I’ve been a fan of the new Fox t.v. show The Following. I’ve enjoyed the suspense that each episode has had and thought the use of flashbacks was very effective (quick peeks into what happened in the past but not disruptive to the storyline). My enjoyment was put to the test with last nights episode “The Fall.” The episode started out good, some banter between Ryan Hardy and three of his antagonists, but the last twenty minutes was almost insulting to viewers. The Following isn’t the best show out there, a sort of weak plot line with some obvious turns, but the fast pace, suspense, twisted characters, and good acting by Kevin Bacon and James Purefoy allowed you to look past those items. I’ve read complaints that the show is too dark – really? it’s about a serial killer who has found a way to torment his ex-wife and the man who put him prison, and you expect it to be all sunshine and happy? – and that the FBI is inept at their jobs. My previous thought was of: if this was an actual portrayal of how a case goes in the FBI I don’t think there would be a need for Hardy as the protagonist and the show would be called a documentary airing on the Discovery channel or History or something along those lines.
With all good shows I think there is some element of obvious disbelief, that moment when you say “come on, how could that possibly have just happened” but if the show is good enough, you are able to overlook and ignore that moment (Vampire Diaries, The Walking Dead, insert name of any good t.v. show that you like). Last night I was not able to overlook that “come on…” moment. Joe Carroll’s followers are everywhere and the writers appeared to have lost their minds with “The Fall”. Joe’s people get into everything and inserting them into or having them overcome some elite tactical teams was ridiculous. I know there has to be substantial followers out there for Joe Carroll’s plan to work out, but the last 20 minutes of “The Fall” was over the top. When writers take a show too far, it sets the show up to fail. I’m hoping that next weeks episode returns to the form of the first five episode – fast pace, suspense, gruesome but watchable. If not, I’m afraid I’ll be forced to say “nevermore…”
Last night I went to An Evening with the Cast and Crew from The Walking Dead. Norman Reedus (Darryl), Steven Yeun (Glenn), Lauren Cohan (Maggie), and Greg Nicotero (a producer) were there to talk about the show and fielded a few question from the audience sent ahead of time. Needless to say, being a fan of The Walking Dead, I throughly enjoyed seeing these four last night. As a fan located in the midwest opportunities to see actors or crew from a favorite show don’t come around too often. Being able to hear the passion that these people have for the show was insightful – makes the work they do on the show all that more real since you can tell they are invested in the work they do.
The most enjoyable part for me was hearing Steven Yeun talk about finding a tick on his man parts while they were filming the farm scenes. A somewhat traumatic experience for him and told in a very funny and entertaining way to the audience. I took pictures but only had my cell phone and the photos aren’t the best (not worth sharing, should have brought my camera). Unfortunately, I didn’t submit a question beforehand – couldn’t think of one – but thought of one this morning that I would have liked to ask: What is the best thing about living in the Zombie apocalypse? There’s gotta be at least one good thing about living with all those zombies, right? Why else fight so hard to stay alive all the time. I think no taxes would be a big plus.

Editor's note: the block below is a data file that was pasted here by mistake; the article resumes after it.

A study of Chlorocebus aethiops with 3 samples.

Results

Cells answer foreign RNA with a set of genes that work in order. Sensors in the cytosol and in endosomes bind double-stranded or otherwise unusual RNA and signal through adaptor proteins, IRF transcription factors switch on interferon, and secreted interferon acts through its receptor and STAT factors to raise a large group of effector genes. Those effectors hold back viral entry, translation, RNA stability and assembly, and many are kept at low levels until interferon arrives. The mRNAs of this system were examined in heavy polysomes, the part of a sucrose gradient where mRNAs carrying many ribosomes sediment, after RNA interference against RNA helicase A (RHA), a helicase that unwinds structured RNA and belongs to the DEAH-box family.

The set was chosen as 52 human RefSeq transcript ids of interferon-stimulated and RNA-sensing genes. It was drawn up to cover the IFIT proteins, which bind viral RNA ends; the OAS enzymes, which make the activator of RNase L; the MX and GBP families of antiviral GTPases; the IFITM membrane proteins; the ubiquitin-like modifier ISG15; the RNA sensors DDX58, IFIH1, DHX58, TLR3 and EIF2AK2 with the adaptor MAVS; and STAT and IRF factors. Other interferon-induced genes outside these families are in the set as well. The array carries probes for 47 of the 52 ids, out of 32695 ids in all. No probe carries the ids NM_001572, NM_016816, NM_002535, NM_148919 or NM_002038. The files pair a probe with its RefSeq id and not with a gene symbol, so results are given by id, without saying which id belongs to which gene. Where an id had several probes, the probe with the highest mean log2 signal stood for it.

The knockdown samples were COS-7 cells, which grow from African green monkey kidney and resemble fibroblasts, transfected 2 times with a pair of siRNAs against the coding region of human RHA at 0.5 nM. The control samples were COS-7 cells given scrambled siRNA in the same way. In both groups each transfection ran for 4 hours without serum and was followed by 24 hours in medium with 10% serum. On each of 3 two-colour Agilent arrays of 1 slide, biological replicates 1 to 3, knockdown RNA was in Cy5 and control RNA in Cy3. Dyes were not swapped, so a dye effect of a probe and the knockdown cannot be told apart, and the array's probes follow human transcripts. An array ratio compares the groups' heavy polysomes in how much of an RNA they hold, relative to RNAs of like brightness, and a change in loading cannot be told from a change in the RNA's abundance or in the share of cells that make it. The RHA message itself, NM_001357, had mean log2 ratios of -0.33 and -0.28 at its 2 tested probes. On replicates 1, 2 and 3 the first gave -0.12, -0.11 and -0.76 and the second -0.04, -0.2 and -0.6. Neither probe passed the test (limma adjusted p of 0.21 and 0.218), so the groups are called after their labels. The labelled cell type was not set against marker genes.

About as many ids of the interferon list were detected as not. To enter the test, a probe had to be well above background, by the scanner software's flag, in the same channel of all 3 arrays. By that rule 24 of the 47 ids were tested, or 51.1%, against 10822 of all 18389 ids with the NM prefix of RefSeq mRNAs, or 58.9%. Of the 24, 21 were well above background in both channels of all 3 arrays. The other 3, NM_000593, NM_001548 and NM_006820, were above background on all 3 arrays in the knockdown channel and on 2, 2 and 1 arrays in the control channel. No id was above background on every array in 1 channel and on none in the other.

So, looking forward to tonight’s episode of TWD with a renewed appreciation for the cast and crew. It was obvious from last night that they enjoy their jobs and appreciate the fans. Oh, and one more thing: Greg Nicotero said that on the Southwest flight from Kansas City to Milwaukee, Norman Reedus signed one of those flyers you see in the backs of the seats and stuck it back into the seat back. So, if you happen to be on a Southwest flight, take a moment to look at the items in the seatback, you might get lucky and find something signed by Darryl!
This weekend rather than work on my homework, I read two books from my pile of “to read” book pile. My books were screaming out to me and I could not resist their forlorn cries of unread words. The first book, read on Saturday, was Sharp Objects by Gillian Flynn. I had read Gone Girl and really enjoyed it so I thought I give her other books a try. Sharp Objects was an enjoyable, easy read (took me one day), but a little predictable. This was Flynn’s first novel and you can see how she made her way to Gone Girl. Flynn’s character’s are certainly twisted and disturbed. Good book for a quick read and does not require too much mental thought.
The second book, which I just finished (read in one day as well), was The Fault in Our Stars, by John Green. I’ve read other reviews of this book and wholeheartedly agree – it is an incredible book. It’s classified as a YA book but the subject matter is definitely not YA. It’s a story of two teenagers with cancer (one has a terminal diagnosis) and what happens in their lives after they meet. I found this book absolutely impossible to put down. I loved the two main characters and thought the humor that was used throughout the book was witty. This is one story that has you laughing one second and then crying the next. I highly recommend this book to anyone who hasn’t read it. The subject matter is a bit bleak – it’s about kids with cancer – but the story is told in such a lighthearted yet real manner that the book is not bleak to read.
So, now I have to ignore the cries of my pile of books (although it is so hard when they are screaming so loud!), stop my procrastination, and get on with my homework. If only my school work cried out as loud as my pile of books.